Sunday, 9 August 2009

A Response to the Kid In The Front Row: What impact can we have as filmmakers? And with impact, do we have responsibility?

Over on his blog, the Kid In the Front Row has written a post entitled 'What impact can we have as filmmakers? And with impact, do we have responsibility?', in which he asks the following questions:
What is the maximum impact we can have as filmmakers? Can films really change lives? Can they make us act for social change? Can they change us for the better?
As the post has been written to encourage debate, I thought that I would write a post detailing some of my own thoughts in reply to these questions, as well as commenting briefly on The Kid's own post.

Essentially, The Kid's answers to these questions (as I understand them) focus on how films can change people in the sense of our political and social ideas, or, in other words, the way that film can affect us (or indeed manipulate us) to change our views in a somewhat 'practical' sense. To put it another way, The Kid is, whether intentionally or not, discussing the role of film as propaganda. Personally, I do not believe that audiences are necessarily susceptible to indoctrination (for want of a better word) through cinema, but I do believe that 'campaign' films can be dangerous if they go unchecked, especially when they offer very biased views. To take a recent example, there was a Channel Four documentary which put forth the idea that climate change doesn't exist, a view which was readily adopted verbatim by several people I know. So here is a practical example of a film (or, in this case, a television documentary) having a direct impact on people and explicitly influencing their views in life, and therefore their behaviour. As I said before, however, I don't necessary believe that films themselves have the power to change people outright, and I would suggest that the people I know who are now so rigid in stating their denial of climate change probably had this belief before seeing the programme. (If they didn't, surely the most the programme would have done would have been to spur them into conducting further research? Though perhaps I am overestimating the strength of the human spirit in my belief that people cannot be so easily influenced!).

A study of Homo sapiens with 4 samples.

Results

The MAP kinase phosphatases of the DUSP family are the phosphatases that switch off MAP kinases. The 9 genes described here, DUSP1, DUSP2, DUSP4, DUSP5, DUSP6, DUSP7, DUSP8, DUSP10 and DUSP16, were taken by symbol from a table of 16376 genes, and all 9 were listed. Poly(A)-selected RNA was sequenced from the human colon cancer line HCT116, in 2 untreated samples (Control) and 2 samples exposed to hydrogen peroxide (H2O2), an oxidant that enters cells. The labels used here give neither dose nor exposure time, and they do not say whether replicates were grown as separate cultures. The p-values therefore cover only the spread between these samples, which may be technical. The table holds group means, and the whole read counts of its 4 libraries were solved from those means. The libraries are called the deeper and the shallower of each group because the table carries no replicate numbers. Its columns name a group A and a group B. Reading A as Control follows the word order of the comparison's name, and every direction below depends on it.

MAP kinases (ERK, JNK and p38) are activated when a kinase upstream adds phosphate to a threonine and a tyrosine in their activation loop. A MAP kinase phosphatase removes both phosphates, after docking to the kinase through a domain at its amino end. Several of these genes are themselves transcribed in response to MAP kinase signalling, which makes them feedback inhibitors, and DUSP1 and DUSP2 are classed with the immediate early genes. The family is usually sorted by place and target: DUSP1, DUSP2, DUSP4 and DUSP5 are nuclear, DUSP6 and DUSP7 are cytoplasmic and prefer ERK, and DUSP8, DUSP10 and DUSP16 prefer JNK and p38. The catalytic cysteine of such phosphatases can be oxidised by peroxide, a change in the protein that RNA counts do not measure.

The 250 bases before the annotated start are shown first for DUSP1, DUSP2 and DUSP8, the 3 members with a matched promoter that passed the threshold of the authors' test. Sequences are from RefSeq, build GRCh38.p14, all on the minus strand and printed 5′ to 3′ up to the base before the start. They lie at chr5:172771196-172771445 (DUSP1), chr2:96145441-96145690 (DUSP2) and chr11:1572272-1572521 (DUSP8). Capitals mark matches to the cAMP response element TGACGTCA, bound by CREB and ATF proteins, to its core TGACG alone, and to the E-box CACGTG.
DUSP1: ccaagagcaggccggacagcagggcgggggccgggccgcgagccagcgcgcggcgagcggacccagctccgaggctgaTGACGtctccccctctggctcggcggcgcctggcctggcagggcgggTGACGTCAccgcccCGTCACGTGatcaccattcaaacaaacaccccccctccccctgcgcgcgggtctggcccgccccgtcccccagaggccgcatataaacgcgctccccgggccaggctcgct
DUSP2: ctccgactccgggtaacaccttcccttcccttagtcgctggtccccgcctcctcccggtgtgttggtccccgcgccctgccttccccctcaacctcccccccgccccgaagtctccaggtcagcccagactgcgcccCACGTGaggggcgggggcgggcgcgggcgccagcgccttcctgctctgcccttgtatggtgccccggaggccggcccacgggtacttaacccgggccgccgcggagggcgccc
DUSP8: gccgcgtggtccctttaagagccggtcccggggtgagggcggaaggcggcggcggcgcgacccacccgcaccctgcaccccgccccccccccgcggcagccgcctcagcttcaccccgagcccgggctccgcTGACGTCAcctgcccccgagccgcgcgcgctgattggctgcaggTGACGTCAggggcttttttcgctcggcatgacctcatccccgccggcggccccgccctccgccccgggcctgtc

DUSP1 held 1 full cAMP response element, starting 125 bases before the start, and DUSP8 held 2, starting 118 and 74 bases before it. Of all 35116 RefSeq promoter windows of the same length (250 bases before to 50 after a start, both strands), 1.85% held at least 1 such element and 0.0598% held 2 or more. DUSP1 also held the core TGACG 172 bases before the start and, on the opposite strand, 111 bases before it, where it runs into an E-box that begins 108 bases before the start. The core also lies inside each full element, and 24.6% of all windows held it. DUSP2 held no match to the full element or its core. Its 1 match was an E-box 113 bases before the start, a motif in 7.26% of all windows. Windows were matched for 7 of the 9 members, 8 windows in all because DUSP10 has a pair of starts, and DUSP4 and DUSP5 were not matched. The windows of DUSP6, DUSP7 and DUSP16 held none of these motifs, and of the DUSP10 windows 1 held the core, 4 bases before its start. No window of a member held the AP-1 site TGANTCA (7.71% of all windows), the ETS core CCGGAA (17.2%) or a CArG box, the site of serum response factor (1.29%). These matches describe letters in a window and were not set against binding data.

For my own answers to these questions, I would take a slightly different approach, and I hope it's not an approach which is at odds with the original questions. To me, film can have a huge impact on our lives in a way which, perhaps, can be referred to as spiritual. I'm not sure that spiritual is a great term for it, just as practical probably isn't the right term to discuss the effects that I've spoken about above but hopefully these terms, at the least, make sense in the context of this post. So, what do I mean by spiritual? Well, I'm thinking of the way that certain films – such as, say, those by Bergman, Tarkovsky, or Haneke – make us think about the world around us, and our approach towards it (for instance, by exploring responses to violence, religion or grief). By making us think about a diverse range of philosophical and ethical concerns, these filmmakers provoke responses which change us as people, and they do so not by propaganda, but by provoking reactions and making us look inside ourselves in order to find new facets of understanding about our existence and our approach towards the world in which we live. In this way, I would argue, filmmakers can have a huge impact on their viewers, and can indeed change them 'for the better'.

So the difference between what I see as essentially propaganda, and what I see as films which can provoke change within us, is that the former promotes a message and tries to persuade us that this message is right, whereas the latter ask us questions which open us up to our own responses and allow us to find our own 'meaning', our own 'message'. As both a filmmaker and a film fan, I would suggest that the latter is a far better – and more morally responsible – way to elicit change within the viewer.

Before finishing, I'm aware that many would argue that a filmmaker such as Haneke should fall into the former category and not the latter, but I would respond that although his films often have a very clear authorial 'message' to them, they convey this message in such a way as to provoke the viewer into her or his own response to the message, rather than simply expecting the viewer to soak it up wholeheartedly and unquestioningly.


Narrative in Cinema

The other day I was out with a friend of mine and I said something rather flippantly, not thinking much of it at the time (it was just a part of our conversation). But having thought about it for a few more days, I wonder if there actually is some truth to what I said. My basic point was this: narrative cinema is dying out because arthouse filmmakers have effectively moved beyond narrative in an attempt to find greater meaning and insight, while mainstream filmmakers have, quite simply, forgotten how to tell a story. Obviously it's a bit of a rash generalisation – and it depends on how you define 'narrative' – but I wonder if there's something to it. Feel free to leave me a comment and tell me what you think.